Jacob Best Sr., a German immigrant, established the Best & Company brewery in 1844. Under the guidance of his son Phillip Best and Phillip’s son-in-law, Captain Frederick Pabst, this small local producer became America’s largest brewery in the growing frontier town of Milwaukee, Wisconsin, from the late 1800s until 1946.
Jacob Best Sr. retired in 1865, after running the business and pioneering the copper kettle-brewing method. Later, he sold the family company to his son-in-law, Captain Frederick Pabst. In 1889, when Captain Pabst gained control of the company, he renamed it and the brewery was officially known as Pabst Brewing Company. As a marketing ploy, blue ribbons were affixed on bottles of Best Select beer, soon known as Pabst Blue Ribbon beer.
By the 1990s, the brewery business declined, transforming from a major brewer of its own brand to a contract brewer of other beers. Finally, the complex closed in 1996. The 27 buildings, equal to 7 city blocks, remained empty until 2001, when Jim Haertel, one of the original founders of the Brew City Redevelopment Group, offered to purchase the complex for $11 million.
The Pabst Brewing Company Former Corporate Office Building & Visitor’s Center have been reopened as “Best Place,” in reference to the brewery’s founders Jacob Best Sr. and Phillip Best (Figure 1). The building was originally opened in 1858 as a public elementary schoolhouse and became part of the brewery in 1886, where Captain Pabst installed corporate offices (Figure 2). Mr. Haertel restored the first floor to a 1944 German beer hall, complete with frescoes by Chicago’s Edgar Miller (not related to the beer brewers), period furniture, and black wrought iron chandeliers. He has also brought back the brewery’s tasting room with its terra cotta stone floor, fireplace, original piano, and restored bathrooms. The building contains two enclosed courtyards, one hosts a statue of Captain Frederick Pabst, the other a statue of King Gambrinus, the unofficial patron saint of beer.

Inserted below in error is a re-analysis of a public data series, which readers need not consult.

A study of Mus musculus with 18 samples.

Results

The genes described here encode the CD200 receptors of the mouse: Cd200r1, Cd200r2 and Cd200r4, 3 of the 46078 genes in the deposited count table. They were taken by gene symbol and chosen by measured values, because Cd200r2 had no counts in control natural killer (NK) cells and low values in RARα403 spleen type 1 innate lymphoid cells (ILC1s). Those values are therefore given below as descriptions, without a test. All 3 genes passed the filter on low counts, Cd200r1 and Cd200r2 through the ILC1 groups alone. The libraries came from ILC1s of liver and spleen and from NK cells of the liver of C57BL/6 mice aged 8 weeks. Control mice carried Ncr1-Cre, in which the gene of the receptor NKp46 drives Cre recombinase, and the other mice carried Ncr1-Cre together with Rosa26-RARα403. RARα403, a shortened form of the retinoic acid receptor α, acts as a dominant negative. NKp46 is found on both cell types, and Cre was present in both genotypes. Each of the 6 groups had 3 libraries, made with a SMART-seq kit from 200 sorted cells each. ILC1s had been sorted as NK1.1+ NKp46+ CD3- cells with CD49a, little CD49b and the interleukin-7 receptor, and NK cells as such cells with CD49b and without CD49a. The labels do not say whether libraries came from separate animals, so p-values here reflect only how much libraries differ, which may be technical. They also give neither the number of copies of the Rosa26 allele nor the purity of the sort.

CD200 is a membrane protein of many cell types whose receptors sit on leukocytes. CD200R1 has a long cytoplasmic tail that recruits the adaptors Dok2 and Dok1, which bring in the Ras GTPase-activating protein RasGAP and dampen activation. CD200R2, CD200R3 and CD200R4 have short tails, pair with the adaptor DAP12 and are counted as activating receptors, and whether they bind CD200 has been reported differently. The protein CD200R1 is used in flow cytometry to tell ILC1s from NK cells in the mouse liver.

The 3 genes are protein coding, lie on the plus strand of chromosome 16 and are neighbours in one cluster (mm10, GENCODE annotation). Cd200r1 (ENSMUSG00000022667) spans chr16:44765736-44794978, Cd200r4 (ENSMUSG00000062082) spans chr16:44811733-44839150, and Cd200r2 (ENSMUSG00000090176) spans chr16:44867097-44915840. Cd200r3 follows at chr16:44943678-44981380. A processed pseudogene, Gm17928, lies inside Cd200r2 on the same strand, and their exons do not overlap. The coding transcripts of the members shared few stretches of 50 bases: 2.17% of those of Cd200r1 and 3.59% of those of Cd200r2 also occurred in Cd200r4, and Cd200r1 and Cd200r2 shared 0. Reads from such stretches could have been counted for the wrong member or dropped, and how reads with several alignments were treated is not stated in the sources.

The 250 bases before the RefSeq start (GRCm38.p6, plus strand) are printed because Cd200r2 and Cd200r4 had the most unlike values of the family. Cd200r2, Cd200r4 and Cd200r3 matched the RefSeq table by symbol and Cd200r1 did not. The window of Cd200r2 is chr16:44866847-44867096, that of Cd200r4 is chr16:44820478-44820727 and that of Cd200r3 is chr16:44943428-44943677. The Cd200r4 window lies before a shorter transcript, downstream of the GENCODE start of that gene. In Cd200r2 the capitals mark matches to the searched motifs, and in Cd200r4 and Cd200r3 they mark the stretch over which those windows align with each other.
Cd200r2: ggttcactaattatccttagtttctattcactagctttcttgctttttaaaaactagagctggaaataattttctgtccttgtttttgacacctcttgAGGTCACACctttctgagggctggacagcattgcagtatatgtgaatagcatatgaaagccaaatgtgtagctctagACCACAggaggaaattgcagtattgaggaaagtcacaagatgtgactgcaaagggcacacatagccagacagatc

The Pabst Complex is reputed to host several paranormal events. Michael Brown, the director of the 2014 documentary film: “Haunted State: Whispers from History Past” reported technical difficulties while on site, electronic voice phenomena (EVP; see box below) and an image of a little ghost.
Other reported activities:
- There is what looks like a watermark in the shape of the “P” in the Pabst logo in the corner of the old boardroom table. It appeared one day and nobody knows how it got there. There was no water leaking from the ceiling above it.
In the part of the building that was the original schoolhouse, employees have heard the sound of children laughing near the staircase. This is where the plaster fell during the investigation.
- The owner, after toasting Captain Pabst while alone in the bar, felt what seemed to be the back of his neck being touched.
- People have reported eerie feelings in the coat check area.